Image by Courtesy of Sweet Dreams

We’ve seen films about Africa, like “Blood Diamond”, which show some grim realities of postcolonial life. There have been countless movies about genocides and their consequences, with heart-wrenching stories of survival, guilt and trauma. And there have been movies about delicious food – just think of “Chocolat” – leaving viewers in the paradoxical position in which they simultaneously want the film to continue, and be over, so the drooling stops.

Bringing those themes together might appear strange. Last Friday, however, a documentary premiered in New York that succeeds at combining them with a tale about women’s empowerment, entrepreneurialism and developmental aid. “Sweet Dreams” is the story of the Brooklyn ice cream shop Blue Marble, whose owners Jennie Dundas and Alexis Miesen collaborated with a group of female drummers in Rwanda to open the first ice cream shop in the country that was ripped apart by a genocide almost two decades ago.

Directed by award-winning brother and sister Lisa and Rob Fruchtman, the 84-minute documentary uses ice cream as a metaphor for dealing with trauma. “That movie is not about drumming and ice cream but about the emotional drama,” said editor and director Lisa Fruchtman. What got her interested in the story, which she and her brother started filming in 2010, were the issue of recovering from genocides: “In Rwanda, it is like Jews coming back to Germany… There is shame and guilt among the children of the perpetrators, not unlike the younger generation in Germany.”

Referring to the different stories about past, present and future of the country, Fruchtman added: “It was a major hurdle to weave it together.”

The film starts by introducing “Ingoma Nshya”, Rwanda’s first female drumming group, which was founded by playwright Kiki Katese in 2005. This initiative, unique not only because it broke the taboo of women playing drums but also because it currently unites around 100 women including survivors and children of perpetrators in the 1994 genocide, easily warrants a documentary on its own, but the filmmakers push the storyline along.

Katese approached Dundas, a former actress, at the Sundance Film Festival in Utah and asked whether she would be interested in helping her open an ice cream shop in Butare, a city of 77,000 in the South of Rwanda. The members of the drumming group would form a cooperative, each paying dues and in return become shareholder of the shop. The film documents how, together with Miesen and Dundas, the women get their business going — from attending lessons to learn English and business management to renovating a space and advertising the opening.

Miesen, who spent two months in Rwanda while setting up the ice cream shop, which is called “Inzozi Nziza” (Sweet Dreams), said that they approached the women as partners: “We had the common understanding that we both work our butts off to make this happen.”

Some scenes are amusing: For example, when they discuss the names of different sizes of ice cream bowls, someone suggests, “don’t be cheap” for the largest one. Others, such as the women’s visible excitement as the ice cream machine arrives from South Africa and they crack the bubble wrap, are heartwarming.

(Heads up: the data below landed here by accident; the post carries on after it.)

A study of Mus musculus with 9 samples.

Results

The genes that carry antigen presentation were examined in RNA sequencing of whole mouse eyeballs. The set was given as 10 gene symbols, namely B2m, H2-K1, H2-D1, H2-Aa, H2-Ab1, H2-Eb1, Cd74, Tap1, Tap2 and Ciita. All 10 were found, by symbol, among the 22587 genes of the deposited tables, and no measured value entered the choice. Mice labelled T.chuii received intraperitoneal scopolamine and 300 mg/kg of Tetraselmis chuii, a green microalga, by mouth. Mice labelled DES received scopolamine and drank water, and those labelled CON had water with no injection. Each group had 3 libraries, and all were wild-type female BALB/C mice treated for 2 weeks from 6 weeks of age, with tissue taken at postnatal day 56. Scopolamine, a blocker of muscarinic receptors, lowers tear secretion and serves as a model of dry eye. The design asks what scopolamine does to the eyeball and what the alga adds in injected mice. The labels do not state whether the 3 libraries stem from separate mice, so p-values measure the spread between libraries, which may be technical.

The documentary is nevertheless far from presenting a purely “feel good” picture of the positive impact of developmental aid. Despite the life-affirming, humorous vitality many of the women display, the viewers also sees moments of doubt, conflict and jealousy: Among others, there are debates about the membership dues, which are too high for some women to pay, and disappointment and tears after ten women were chosen to work in the shop.

The most disturbing part of the film, however, consists of the women’s personal stories. They recount their experiences during the genocide, in which 800,000 minority Tutsi as well as some Hutu were killed in just a hundred days, often by neighbors and friends. Even though extremely powerful and touching, and certainly necessary to better understand the project, the interviews occasionally interrupt the flow of the movie. A short recap of the genocide in addition to showing a public grieving ceremony felt like it was mainly included to make the audience choke up.

In contrast, a scene in which President Paul Kagame held a public hearing and people approached asking for cattle and other improvements for their lives, was left without further explanation, leaving one with the lingering feeling that more context about the current political situation would add to the understanding of the country’s problems.

Still, the story and the role food plays in rebuilding a community is powerful. Miesen said that ice cream just happened to be the vehicle that was chosen: “It was about creating a space where people could hang out and experience something magical and break out of hardship.”

With the shop in Butare, that only uses local ingredients for the ice cream, still buzzing – the women have adapted the menu to include hot meals for students – Miesen is already onto her next project: an ice cream shop in Haiti.